Note that this is the announcement for the October release, however the November release is now available although it doesn’t have a blog post.
I can’t believe fonts still get released with mainly basic latin support. Languages that don’t use the latin script have a major disability here.
Well it is a font for programming (done mainly in latin script), by designers who speak and write languages that mainly use latin script, for a userbase that too prioritises latin script. I don’t think it’s ridiculous that basic latin support was the MVP.
I know people that use non-English languages with latin scripts use their language in code (because not every code is for international view). I think that programming is done mainly in latin script because latin script is all that’s available mainly. Besides, even if you do your programming in latin your data may be any script in Unicode.
I believe MS is all in on i18n, but these things take time. It’s not as if there isn’t literally hundreds of other fonts available in the meantime, many of them that cover more than latin scripts.
It’s a work in progress, the font isn’t final. The linked post mentions a roadmap, which after some clicking around can be found here:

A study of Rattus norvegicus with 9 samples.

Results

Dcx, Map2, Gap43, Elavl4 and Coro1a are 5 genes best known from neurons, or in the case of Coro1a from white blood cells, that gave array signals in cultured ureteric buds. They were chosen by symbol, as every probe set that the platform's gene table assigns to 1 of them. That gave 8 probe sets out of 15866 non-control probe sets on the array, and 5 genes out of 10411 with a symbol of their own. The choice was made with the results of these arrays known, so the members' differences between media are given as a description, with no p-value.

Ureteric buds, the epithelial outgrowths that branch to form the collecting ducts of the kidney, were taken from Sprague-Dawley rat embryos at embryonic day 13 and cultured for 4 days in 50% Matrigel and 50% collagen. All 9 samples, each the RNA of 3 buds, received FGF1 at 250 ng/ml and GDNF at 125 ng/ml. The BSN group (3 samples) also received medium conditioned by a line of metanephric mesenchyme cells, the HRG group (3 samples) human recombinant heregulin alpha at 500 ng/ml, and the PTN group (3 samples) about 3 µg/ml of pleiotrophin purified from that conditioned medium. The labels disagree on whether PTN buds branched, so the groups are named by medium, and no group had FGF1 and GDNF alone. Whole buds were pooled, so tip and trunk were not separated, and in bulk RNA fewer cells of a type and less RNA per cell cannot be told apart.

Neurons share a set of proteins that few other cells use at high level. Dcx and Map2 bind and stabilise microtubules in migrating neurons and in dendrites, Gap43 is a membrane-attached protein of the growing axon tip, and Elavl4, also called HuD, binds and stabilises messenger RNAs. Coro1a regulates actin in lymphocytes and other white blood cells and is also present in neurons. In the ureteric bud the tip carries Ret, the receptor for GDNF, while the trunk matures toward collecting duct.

Indeed. I wonder if there’s a good reason not to merge wide covering fonts like Unifont with WIP fonts until more unicode blocks are implemented.
Doesn’t MS have a “replacement font” functionality, where missing glyphs are filled by a backup font?
I am totally sold on this font. I use it in IntelliJ, (g)vim/MacVim and iterm2. I used FireMono before for years, but this one is better!
no italics, I can’t consider this font. :)
I’m torn for this specific reason between Cascadia and Fira Code, but in the end, I have found that I’m not actually missing the italics for coding in the few places where I had previously used it. Your mileage may vary, and I’ve seen some very well-thought-out highlighting themes that would definitely suffer in a font without italics.